Answers FAQ

Kidney Disease FAQs

Reviewed by Charles P. Davis, MD, PhD

Take the Kidney Disease Quiz First! Before reading this FAQ, challenge yourself and

A:False.

The kidneys have several major functions. They remove waste materials and excess fluid from the body and help to maintain a good balance of electrolytes and minerals in the blood. They also help regulate blood pressure.


A:True.

Normal kidneys process about 200 quarts of blood per day resulting in removal of waste products and excess water which comprise urine. About two quarts of urine are produced per day. Urine flows from the kidneys through ureters to the bladder. The bladder stores urine until a person urinates.


A:Renal.

The term "renal" refers to the kidneys, so "renal function" and "kidney function" are interchangeable terms. Renal function, when used by medical professionals, usually refers to how efficiently the kidneys filter blood. For example, two healthy kidneys in a person have 100% renal function.


A:There are a number of nonspecific symptoms that may occur with kidney disease.

The following is a list of some of these nonspecific symptoms: - Swelling of the hands and feet
- Puffiness around the eyes
- Shortness of breath
- Fatigue
- Increased nighttime urination
- Frequently passing small amounts of urine
- Urine-like odor to breath
- Increased blood pressure
- Loss of appetite
- Pale skin and/or dry, itchy skin

Children may show increased fatigue and sleepiness, a decrease in their appetite, and/or a poor growth pattern.


A:True.

Unfortunately, people can have renal disease for long periods of time before noticing any symptoms. Although it may seem like the symptoms come on quickly, they actually have been slowly progressing over a number of years. The slow progression is often seen in chronic kidney disease. Another term for chronic kidney disease is renal insufficiency. Over time, renal insufficiency can be followed by determining the creatinine level in the blood with a test that is readily available to most physicians. A rising creatinine level is an indicator that renal insufficiency is getting worse.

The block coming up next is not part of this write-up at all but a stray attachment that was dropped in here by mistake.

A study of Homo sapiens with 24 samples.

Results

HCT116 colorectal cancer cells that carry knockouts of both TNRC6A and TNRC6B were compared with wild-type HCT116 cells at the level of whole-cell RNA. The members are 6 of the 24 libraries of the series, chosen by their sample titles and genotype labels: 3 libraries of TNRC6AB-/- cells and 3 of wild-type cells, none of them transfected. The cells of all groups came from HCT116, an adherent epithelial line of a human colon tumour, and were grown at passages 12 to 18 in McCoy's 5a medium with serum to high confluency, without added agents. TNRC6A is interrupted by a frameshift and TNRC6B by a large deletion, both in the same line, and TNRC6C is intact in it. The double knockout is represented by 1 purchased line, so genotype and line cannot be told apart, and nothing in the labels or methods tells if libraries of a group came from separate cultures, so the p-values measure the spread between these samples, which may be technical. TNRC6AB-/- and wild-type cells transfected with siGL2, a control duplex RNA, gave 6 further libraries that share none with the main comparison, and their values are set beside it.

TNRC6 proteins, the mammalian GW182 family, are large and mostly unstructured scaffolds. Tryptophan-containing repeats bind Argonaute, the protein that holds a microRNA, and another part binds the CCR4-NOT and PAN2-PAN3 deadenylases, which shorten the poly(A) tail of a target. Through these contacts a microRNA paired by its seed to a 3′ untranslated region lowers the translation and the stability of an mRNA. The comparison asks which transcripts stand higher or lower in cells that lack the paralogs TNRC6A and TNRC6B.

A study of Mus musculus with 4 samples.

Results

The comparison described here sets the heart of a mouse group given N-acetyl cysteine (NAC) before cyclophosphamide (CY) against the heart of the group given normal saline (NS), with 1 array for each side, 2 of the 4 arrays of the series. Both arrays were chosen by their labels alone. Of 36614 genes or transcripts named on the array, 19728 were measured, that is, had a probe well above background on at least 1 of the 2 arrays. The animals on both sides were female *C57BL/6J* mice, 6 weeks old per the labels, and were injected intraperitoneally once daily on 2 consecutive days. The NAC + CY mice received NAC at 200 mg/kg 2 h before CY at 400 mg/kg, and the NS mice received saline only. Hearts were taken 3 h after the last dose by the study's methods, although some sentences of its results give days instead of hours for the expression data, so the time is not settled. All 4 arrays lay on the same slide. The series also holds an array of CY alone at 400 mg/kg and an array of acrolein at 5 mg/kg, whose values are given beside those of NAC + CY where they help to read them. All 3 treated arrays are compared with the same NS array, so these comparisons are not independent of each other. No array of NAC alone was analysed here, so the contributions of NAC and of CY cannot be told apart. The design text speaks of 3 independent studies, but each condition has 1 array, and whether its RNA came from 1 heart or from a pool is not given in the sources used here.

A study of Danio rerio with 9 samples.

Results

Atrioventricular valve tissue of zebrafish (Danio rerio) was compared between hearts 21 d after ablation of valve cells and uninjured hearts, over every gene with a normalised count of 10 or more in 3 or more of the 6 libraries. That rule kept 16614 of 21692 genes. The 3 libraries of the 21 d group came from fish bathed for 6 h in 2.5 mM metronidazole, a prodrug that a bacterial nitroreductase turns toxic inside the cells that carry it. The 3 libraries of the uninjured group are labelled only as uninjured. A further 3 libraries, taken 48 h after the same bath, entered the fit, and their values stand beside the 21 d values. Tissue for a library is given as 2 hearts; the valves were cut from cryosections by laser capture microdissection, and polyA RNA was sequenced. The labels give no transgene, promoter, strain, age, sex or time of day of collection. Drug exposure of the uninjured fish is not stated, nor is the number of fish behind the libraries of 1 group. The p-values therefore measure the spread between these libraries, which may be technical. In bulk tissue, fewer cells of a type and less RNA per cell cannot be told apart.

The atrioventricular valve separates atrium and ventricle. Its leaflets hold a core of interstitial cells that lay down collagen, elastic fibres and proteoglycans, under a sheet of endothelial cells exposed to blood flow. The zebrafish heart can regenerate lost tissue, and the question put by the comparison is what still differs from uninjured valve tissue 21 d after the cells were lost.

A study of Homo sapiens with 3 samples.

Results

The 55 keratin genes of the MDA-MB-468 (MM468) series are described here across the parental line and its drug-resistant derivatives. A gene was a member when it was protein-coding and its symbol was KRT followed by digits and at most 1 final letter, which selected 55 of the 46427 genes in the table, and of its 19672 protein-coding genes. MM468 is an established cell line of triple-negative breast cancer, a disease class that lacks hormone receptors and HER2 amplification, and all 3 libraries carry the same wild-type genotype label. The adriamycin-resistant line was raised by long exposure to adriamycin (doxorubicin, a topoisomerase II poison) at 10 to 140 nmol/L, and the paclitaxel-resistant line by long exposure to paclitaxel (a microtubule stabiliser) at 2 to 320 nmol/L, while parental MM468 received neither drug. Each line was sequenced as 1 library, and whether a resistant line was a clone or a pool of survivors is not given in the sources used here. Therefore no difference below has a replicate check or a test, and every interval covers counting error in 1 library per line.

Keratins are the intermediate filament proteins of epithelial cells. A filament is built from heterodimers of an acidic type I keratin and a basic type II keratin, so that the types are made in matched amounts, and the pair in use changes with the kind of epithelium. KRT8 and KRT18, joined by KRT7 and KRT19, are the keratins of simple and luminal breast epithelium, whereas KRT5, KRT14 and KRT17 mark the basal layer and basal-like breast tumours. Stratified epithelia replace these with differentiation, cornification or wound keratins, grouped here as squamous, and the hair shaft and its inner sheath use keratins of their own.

A:Polycystic kidney disease.

Polycystic kidney disease is an inherited renal disorder. In this disorder, some normal kidney tissue is replaced by fluid-filled cysts of various sizes in both kidneys. As the disease progresses, the cysts become larger and the functional kidney tissue decreases. Other organs like the lungs may also be affected by this disease.


A:False.

Hemodialysis is not the only treatment for kidney failure. However, hemodialysis is usually done before the other two options are tried. The other two options are peritoneal dialysis and kidney transplantation; however, not every patient with kidney failure may be a candidate for all of these options.


A:A nephrologist specializes in the diagnosis and treatment of kidney diseases.

Such specialists may help patients avoid renal failure for years and can help a patient determine the best treatments if renal failure does occur.


A:There are five stages of chronic kidney disease.

There are five stages of chronic kidney disease. These stages indicate increased severity from mild stage I (one) to stage V (five) when the kidneys fail. Stage I indicates slight kidney damage while stage II (two) indicates a mild decrease in kidney function. Stage III (three) represents a moderate decrease in kidney function and stage IV (four) is a severe decrease in kidney function. Stage V indicates kidney failure.


A:Protein.

People with kidney disease are supposed to eat reduced amounts of protein to help postpone kidney failure. However, when kidneys fail, the first treatment is usually dialysis. When people go on dialysis, their requirements change and they are encouraged to eat as much high-quality protein as possible. This usually means a big change in a person's eating habits. People on dialysis should eat quality protein found in meat, fish, poultry, and other sources like egg whites.


A:True.

People on dialysis have difficulty sometimes because their mineral intake is not as easily managed. For example, eating foods that contain potassium can be dangerous to a patient's heart. High potassium levels may cause death from heart arrhythmias. Foods like avocados, bananas, dried fruit, and kiwi should be avoided because of their high potassium content.


A:False.

Although patients on dialysis may miss out on certain important vitamins and minerals because they must avoid certain foods (see previous slide), they should not take vitamin supplements that are available over the counter. Although the patient needs certain vitamins and mineral supplements, they should be prescribed by their nephrologist. Some minerals found in over-the-counter vitamin preparations, like potassium, may harm a dialysis patient.


A:Kidney disease alters the body's ability to balance fluid intake.

People with kidney diseases have to be very careful about their fluid intake. Patients who do not monitor their fluid intake can gain weight and develop edema (swelling) because they are retaining water. This extra fluid can cause higher blood pressure, breathing difficulties, and/or heart problems.


A:True.

Another common problem associated with kidney disease is itchy skin. This may occur because the patients are retaining too much phosphorus. In addition, the phosphorus may deplete calcium from bones that, in turn, can lead to bone fractures.


A:Diabetes.

The most common cause of kidney failure in United States is diabetes. Diabetes accounts for about 44% of all new cases of renal failure. The top five causes of renal failure, according to the U.S. Renal Data system, are diabetes, high blood pressure, glomerulonephritis, cystic diseases, and urologic diseases.